Spring is one of Ball State’s busiest times of year. But with the lion’s share of academic and extracurricular activities on hiatus or being done remotely, campus has become a relatively quiet place these past weeks. While missing the hustle-bustle of a typical April weekday, our photographers snapped images capturing the tranquility of a peaceful campus in full and glorious bloom; a testament that life, indeed, does go on.

Pretty in Pink

Flowers blooming on a tree
Photo by Bobby Ellis

A flowering magnolia basks in the afternoon sunlight. Ball State’s 780-acre campus contains hundreds of species of trees. Five tree trails have been designed and can be enjoyed by educators, students, and community members.

Sharing the Moment

Two students relax on the grass
Photo by Bobby Ellis

A couple of students take advantage of the warm weather to get a little sun while catching up on their studies on the University Green.

Season Closer

First Merchants Ballpark Complex
Photo by Don Rogers

Instead of cracking bats and the thump of balls landing in mitts, all is quiet at First Merchants Ballpark Complex. Varsity sports are on hiatus in response to the COVID-19 outbreak. Meanwhile, the pilot program Cardinal Couriers was launched. Fans can submit requests for Ball State student-athlete volunteers to help with grocery or medical runs.

The Art of Social Distancing

Two students practice social distancing
Photo by Samantha Strahan

Bustling McKinley Avenue became a tranquil place for reading and conversation between two friends who nonetheless avoid close contact.

Wanna Be Friends?

Squirrel standing in attention
Photo by Samantha Strahan

“Hey, where did everyone go?” might be a question on the mind of this campus-loving squirrel who seems overjoyed to glimpse the human who snapped this photo. Don’t worry, guy, we’ll all be back soon!

Good for the Goose

Photo by Don Rogers

A Ball State bus sports a colorful WE FLY message, but this waterfowl stays put. April is typically the time when the birds arrive on campus. The most common among them, the Canadian goose, can be territorial and hostile during its nesting season—behavior that inspired the Ball State police to post a good-natured “notice of trespass” for the birds on Facebook.

All by Myself

A student relaxes alone on the grass
Photo by Don Rogers

This time of year, the Quad is normally alive with students throwing footballs, people walking their dogs, and employees grabbing some fresh air. Here, a lone person relaxes in front of the closed David Owsley Museum of Art.

Lockdown Rush Hour

Photo by Don Rogers

There’s no scramble left at the Scramble Light. A few cars navigate campus’s busiest intersection, usually bustling with students.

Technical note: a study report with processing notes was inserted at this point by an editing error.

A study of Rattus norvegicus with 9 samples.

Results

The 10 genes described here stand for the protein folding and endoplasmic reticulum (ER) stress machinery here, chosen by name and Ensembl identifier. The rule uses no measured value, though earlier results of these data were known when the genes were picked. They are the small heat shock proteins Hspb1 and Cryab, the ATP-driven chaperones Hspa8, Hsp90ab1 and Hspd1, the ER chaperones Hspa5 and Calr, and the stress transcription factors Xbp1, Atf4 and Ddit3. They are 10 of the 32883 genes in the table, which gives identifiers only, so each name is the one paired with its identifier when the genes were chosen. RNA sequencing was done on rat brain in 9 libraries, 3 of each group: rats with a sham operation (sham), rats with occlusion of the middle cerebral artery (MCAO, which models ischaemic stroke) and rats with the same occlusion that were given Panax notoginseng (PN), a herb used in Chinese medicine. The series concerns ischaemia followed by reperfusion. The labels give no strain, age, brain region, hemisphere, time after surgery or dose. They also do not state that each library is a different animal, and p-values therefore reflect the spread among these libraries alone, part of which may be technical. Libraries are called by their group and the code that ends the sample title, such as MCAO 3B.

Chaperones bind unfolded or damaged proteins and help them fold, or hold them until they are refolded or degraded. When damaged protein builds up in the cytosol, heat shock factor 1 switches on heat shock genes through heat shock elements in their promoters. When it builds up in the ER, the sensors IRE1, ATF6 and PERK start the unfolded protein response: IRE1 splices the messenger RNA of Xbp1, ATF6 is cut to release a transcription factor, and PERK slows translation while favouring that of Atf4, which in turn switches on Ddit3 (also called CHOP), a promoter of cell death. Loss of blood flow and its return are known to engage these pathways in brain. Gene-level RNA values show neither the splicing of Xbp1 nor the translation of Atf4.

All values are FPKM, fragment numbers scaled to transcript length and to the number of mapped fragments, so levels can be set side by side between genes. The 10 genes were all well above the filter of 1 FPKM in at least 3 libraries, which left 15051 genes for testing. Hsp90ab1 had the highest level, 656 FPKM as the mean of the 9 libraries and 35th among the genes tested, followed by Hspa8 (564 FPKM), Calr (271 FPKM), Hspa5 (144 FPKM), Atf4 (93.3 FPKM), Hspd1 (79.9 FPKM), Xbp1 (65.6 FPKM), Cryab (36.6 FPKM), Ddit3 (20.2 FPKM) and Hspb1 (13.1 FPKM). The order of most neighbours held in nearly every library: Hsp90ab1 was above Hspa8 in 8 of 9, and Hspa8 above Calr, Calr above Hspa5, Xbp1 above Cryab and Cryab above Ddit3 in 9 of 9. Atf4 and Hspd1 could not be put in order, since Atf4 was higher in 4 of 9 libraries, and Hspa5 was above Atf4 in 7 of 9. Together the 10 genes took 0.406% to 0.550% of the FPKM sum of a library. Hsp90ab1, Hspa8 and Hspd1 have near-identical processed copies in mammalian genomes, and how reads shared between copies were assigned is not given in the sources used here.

All Dressed Up…

Photo by Samantha Strahan

The lawn in front of the nearly new Health Professions Building got its first mow for the season. There are few people left on campus to admire the hard work of the grounds crew.

Hanging Out

Photo by Samantha Strahan

A student practices social distancing, studying alone in a hammock on University Green. In the background, the College of Architecture and Planning building sits empty.

A Ball State Record?

A family walk down the sidewalk
Photo by Samantha Strahan

The closure of academic buildings likely resulted in a new campus record: the longest stretch of time that no one has gotten lost in the labyrinth-like halls of the North Quad building.

Parking Place

Building under construction
Photo by Don Rogers

Construction continues on the new $18 million parking garage that is part of a long-term plan to develop a new East Mall and make the campus friendlier to pedestrians and cyclists. Replacing the obsolete Emens Parking Structure, the New York Avenue Parking Structure will have 600 spaces, covered bicycle parking, and charging stations for electric cars.

Perfect Timing

Sun shines through Shafer Tower
Photo by Don Rogers

Shafer Tower synchronizes with the afternoon sun for an image that would be suitable for accompaniment by a grand symphony.

Taking Shape

Building under constuction

Development of the new East Quad continues to construction of the Foundational Sciences Building just to the south of the new Health Professions Building. The $87.5 million, five-story structure will be the home of the chemistry and biology departments and is a significant step in the University’s plan to meet the growing demand for STEM professionals in Indiana.